Could The World's Next Nuclear Power Be U.S. Ally South Korea?
U.S. Army War College's Lami Kim told Newsweek that "if the U.S. fails to prevent South Korea from acquiring nuclear weapons," then "it is possible that Japan would follow suit."For decades, South Korea and Japan have lived under the umbrella of the U.S. nuclear arsenal, the second largest in the world after that of Cold War-era rival Russia, once again a top-priority foe after last month's incursion into Ukraine. Now, however, Seoul is revisiting its nuclear strategy in what would mark a massive shift in the security situation in Asia and the non-proliferation regime that has attempted to rein in such weapons of mass destruction across the globe.
Nina Khrushcheva, the great-granddaughter of the late Soviet leader Nikita Khrushchev, has warned that Russia may be prepared to use nuclear weapons in Ukraine.
Khrushcheva, a professor of International Affairs at The New School in New York City, said she fears Russian President Vladimir Putin will eventually deploy tactical nuclear weapons to claim victory in Ukraine.
"I think this war is really the one that Putin plans to win, and plans to win at any cost," she told the BBC.
Kremlin says sanctions on Putin's mysterious daughters are 'difficult to understand'
"That is suggesting if he needs to declare victory and he may need to use tactical nuclear weapons—I'm not predicting that—but that could be one of the options that the Russians may be prepared to use."
Khrushcheva has been contacted for additional comment.
Shortly before Russia launched its invasion of Ukraine, Putin warned Western countries to stay out of the conflict and said he was putting his nuclear forces on heightened alert. Any country that interfered would face consequences "that you have never experienced in your history," he said.
More recently, Russian leaders have listed justifications for Moscow to use nuclear weapons in Ukraine.
Dmitry Medvedev, a former Russian president who now serves as deputy chairman of the Russia's security council, last month listed multiple ways Russia could be "entitled to" use its nuclear arsenal—even against nations that are only using conventional weapons.
European Union slaps sanctions on Putin's two adult daughters
The EU's move comes after the US on Wednesday sanctioned both Maria Vorontsova and Ekaterina Tikhonova, Putin's grown daughters.The 69-year-old leader has fought hard to prevent the media and the world from knowing much about his personal life. But five weeks into Russia's invasion of Ukraine, the US applied sanctions to both women, barring them from the US financial system.
Earlier this week, Ukrainian President Volodymyr Zelensky said that he believes the world should be prepared for Russia to possibly resort to using chemical or nuclear weapons.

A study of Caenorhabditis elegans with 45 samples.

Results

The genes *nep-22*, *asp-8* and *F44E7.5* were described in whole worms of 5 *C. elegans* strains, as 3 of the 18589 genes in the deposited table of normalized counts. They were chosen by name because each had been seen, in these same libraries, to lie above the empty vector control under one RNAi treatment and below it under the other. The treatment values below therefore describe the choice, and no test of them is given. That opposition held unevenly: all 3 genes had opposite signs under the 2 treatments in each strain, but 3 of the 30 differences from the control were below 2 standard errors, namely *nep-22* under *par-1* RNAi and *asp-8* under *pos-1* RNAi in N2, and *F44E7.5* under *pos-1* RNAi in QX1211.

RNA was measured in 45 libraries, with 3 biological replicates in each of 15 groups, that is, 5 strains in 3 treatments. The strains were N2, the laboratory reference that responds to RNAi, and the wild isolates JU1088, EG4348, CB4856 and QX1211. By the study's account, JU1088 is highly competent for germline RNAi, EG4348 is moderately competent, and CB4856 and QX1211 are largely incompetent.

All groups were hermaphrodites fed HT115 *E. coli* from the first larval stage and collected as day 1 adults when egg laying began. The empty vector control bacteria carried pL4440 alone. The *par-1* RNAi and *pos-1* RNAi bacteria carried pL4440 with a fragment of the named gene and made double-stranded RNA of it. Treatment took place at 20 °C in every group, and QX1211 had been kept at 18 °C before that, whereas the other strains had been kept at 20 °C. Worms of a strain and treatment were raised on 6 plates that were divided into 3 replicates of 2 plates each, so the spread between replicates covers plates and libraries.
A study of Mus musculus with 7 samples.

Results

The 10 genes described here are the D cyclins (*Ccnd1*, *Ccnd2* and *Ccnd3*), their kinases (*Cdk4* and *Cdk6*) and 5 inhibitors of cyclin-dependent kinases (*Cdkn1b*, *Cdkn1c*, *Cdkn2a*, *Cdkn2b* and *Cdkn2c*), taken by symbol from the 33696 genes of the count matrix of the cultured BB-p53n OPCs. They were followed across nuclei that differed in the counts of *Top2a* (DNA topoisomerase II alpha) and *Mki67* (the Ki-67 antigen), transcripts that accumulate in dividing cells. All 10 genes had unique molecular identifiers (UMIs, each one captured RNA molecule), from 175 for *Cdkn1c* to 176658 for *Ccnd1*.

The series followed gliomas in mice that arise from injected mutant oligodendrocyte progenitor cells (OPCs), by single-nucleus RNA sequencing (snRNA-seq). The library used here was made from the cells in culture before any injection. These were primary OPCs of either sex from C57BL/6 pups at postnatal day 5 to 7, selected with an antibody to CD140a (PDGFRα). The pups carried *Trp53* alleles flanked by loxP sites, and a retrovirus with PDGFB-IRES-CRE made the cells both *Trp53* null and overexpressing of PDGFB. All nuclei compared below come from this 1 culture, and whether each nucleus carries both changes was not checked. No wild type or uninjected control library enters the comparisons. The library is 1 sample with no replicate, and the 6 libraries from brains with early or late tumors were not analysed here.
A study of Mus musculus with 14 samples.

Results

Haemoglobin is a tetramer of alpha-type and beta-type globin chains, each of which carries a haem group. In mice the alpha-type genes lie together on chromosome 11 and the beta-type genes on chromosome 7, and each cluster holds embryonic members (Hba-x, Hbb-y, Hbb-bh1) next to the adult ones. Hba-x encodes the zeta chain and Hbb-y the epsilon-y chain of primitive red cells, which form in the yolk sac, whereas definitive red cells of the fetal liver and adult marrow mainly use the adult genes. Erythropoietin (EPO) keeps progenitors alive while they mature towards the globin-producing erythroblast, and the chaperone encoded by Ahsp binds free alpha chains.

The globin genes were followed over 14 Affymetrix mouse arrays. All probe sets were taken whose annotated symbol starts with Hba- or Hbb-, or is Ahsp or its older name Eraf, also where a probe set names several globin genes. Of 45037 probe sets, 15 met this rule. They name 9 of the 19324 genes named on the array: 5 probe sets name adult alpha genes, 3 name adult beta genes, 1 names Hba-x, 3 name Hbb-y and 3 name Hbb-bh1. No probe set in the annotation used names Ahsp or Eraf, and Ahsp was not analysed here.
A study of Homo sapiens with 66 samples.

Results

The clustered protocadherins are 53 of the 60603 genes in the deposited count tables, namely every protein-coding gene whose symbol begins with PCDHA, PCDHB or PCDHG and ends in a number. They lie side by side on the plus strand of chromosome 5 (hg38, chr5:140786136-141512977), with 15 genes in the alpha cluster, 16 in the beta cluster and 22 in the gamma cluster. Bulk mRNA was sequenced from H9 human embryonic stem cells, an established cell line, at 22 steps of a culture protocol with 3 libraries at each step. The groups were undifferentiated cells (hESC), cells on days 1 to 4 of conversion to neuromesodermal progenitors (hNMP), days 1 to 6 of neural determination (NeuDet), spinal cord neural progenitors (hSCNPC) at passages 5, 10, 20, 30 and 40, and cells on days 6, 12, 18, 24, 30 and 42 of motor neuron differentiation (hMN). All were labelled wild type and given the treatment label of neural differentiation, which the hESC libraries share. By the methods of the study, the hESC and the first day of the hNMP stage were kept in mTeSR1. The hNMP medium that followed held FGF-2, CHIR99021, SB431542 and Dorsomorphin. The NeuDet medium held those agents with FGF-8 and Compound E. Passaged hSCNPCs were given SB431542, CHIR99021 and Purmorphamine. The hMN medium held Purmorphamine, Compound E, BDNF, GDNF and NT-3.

"Chemical weapons, they should do it, they could do it, for them the life of the people, nothing. That's why," Zelensky told CNN in an interview. "We should think not be afraid, not be afraid, but be ready. But that is not a question for Ukraine, not only for Ukraine, but for all the world, I think."
Meanwhile, CIA Director William Burns has said that "potential desperation" could prompt Putin to use a tactical or low-yield nuclear weapon in Ukraine.
On Thursday, Burns said the U.S. remains "very concerned" about the possibility that nuclear weapons could be used, but said he had not seen evidence showing such an attack was imminent.
"Given the potential desperation of President Putin and the Russian leadership, given the setbacks that they've faced so far, militarily, none of us can take lightly the threat posed by a potential resort to tactical nuclear weapons or low-yield nuclear weapons," Burns said, according to the New York Times. "We don't."
Analysis: War, economy could weaken Putin's place as leader
NEW YORK (AP) — With the Russian military in retreat from around Kyiv and facing condemnation for brutal tactics, harsh political repression at home and the economy buffeted by Western sanctions, adversaries and allies alike are raising the same question about President Vladimir Putin: Can he hold onto power? The answer: For now, but maybe not forever. After 22 years in power, Putin has built a powerful phalanx of loyalists who surround him, both in the Russian military and the secret services.
"None of us can take lightly the threat posed by a potential resort to tactical nuclear weapons or low-yield nuclear weapons," the CIA chief warned."Given the potential desperation of President Putin and the Russian leadership, given the setbacks that they've faced so far, militarily, none of us can take lightly the threat posed by a potential resort to tactical nuclear weapons or low-yield nuclear weapons," Burns said in remarks at Georgia Tech in Atlanta.